In this action of tort for abuse of process the judge found for the defendant. The plaintiff presented seventeen requests for findings and rulings, all of which were granted. The sole question arises from the plaintiff's exception to the denial of its motion for a new trial. The grounds of the motion are that the general finding for the defendant is: (1) inconsistent with the judge's rulings and findings, (2) against the weight of the evidence, and (3) unfair and unjust. There was no error. The judge could have found that, although the attachment was excessive, the process was not "used to accomplish some ulterior purpose for which it was not designed or intended, or which was not . . . [its] legitimate purpose." Gabriel v. Borowy, 324 Mass. 231 , 236. And he could likewise have found, despite the evidence adduced by the plaintiff, that damage, an essential element of the tort, had not been established. See Quaranto v. Silverman, 345 Mass. 423 , 427.
The employee sought workmen's compensation benefits alleging that on February 27, 1957, while in the employ of the town of Arlington and while lifting heavy barrels onto a refuse truck, he sustained a heart attack from overexertion. Following his death on June 7, 1961, his widow filed a claim under G. L. c. 152, Section 31, and as administratrix of the employee's estate. There was evidence that for approximately one year before February 27, 1957, the employee had a history of cardiovascular disease. A medical expert, who testified in behalf of his widow, was unable to relate the employee's death to the incident of February 27, 1957. The single member did not err in finding insufficient evidence to link the incident and the employee's disability. Her findings, which were adopted by the reviewing board and which are supported by evidence, must stand. Josi's Case, 324 Mass. 415 , 418. See Hartman's Case, 336 Mass. 508 , 511.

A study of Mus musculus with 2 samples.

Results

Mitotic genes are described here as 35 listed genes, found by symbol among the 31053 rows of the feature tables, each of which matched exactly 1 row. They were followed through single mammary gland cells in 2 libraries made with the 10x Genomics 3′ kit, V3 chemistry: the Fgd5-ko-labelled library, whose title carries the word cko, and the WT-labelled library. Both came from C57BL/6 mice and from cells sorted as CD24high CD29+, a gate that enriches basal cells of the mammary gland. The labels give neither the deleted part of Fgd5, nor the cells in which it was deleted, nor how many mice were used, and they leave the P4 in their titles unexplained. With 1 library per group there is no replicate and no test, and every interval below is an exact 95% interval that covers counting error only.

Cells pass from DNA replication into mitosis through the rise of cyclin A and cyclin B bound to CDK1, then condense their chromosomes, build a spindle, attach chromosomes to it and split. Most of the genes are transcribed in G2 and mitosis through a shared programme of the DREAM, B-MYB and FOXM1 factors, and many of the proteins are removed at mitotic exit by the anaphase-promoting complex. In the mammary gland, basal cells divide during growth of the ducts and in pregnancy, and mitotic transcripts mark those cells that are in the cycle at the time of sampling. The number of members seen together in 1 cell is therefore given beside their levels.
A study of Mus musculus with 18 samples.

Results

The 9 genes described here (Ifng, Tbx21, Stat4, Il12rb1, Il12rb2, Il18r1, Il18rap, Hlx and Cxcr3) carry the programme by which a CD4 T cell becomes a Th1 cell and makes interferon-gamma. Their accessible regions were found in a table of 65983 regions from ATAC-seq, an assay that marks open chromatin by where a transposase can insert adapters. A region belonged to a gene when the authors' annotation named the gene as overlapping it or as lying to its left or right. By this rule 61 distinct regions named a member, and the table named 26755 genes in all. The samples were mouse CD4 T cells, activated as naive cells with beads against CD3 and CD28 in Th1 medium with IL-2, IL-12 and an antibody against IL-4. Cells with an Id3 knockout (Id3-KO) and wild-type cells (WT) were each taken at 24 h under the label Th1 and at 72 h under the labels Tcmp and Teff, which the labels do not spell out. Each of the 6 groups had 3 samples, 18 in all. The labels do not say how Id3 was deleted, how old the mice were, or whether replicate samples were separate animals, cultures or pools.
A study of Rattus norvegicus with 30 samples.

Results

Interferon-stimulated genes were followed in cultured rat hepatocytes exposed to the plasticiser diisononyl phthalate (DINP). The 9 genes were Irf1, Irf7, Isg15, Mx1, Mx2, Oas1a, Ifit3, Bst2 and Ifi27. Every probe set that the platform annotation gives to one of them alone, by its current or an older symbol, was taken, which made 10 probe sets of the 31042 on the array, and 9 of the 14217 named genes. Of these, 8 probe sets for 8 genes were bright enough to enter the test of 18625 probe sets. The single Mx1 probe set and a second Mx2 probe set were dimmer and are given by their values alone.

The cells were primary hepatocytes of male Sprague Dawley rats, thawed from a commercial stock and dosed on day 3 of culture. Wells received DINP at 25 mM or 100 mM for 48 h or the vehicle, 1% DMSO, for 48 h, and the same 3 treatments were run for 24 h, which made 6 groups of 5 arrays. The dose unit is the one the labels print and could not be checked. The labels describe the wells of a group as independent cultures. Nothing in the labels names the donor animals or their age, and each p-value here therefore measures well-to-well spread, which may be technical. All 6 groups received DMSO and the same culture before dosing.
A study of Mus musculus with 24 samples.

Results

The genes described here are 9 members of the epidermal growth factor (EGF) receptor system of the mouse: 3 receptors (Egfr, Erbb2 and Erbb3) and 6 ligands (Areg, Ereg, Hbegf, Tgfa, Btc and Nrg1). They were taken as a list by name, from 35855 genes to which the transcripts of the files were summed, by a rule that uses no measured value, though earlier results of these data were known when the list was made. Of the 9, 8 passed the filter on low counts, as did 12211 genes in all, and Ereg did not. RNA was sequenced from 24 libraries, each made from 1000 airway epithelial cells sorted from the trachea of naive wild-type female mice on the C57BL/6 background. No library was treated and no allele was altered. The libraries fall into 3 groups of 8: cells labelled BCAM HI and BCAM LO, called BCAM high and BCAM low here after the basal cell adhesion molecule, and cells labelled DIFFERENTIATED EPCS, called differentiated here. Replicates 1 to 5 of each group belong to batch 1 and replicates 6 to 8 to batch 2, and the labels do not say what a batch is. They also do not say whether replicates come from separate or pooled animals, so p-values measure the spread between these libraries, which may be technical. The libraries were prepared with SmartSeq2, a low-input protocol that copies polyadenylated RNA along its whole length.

This is an action of contract to recover damages for breach of a written agreement to purchase the plaintiff's stock in a corporation which owns and operates WORL, a small "daytime" radio station. The only evidence before the judge was the auditor's report and the exhibits. The judge denied the defendant's motion for judgment on the report and found for the plaintiff. The agreement in question contained a warranty by the plaintiff that "no material adverse change in the financial condition and affairs of . . . [the corporation], other than those resulting from normal station operations, has taken place since June 30, 1958, nor will take place up to the time of closing." In finding that no breach of this warranty occurred, the auditor
could properly consider prior negotiations to determine the intent of the parties as to the meaning of ambiguous terms. Gainsboro v. Shaffer, 339 Mass. 1 , 3. He concluded that, by repudiating the agreement, the defendant committed an unexcused breach thereof. The report is extensive and contains detailed subsidiary findings which amply support that conclusion. The judge was therefore correct in finding for the plaintiff in view of the auditor's findings. Kelleher v. Farrell, 339 Mass. 756 , 758-759. Carlo Bianchi & Co. Inc. v. Builders' Equip. & Supplies Co. 347 Mass. 636 , 647.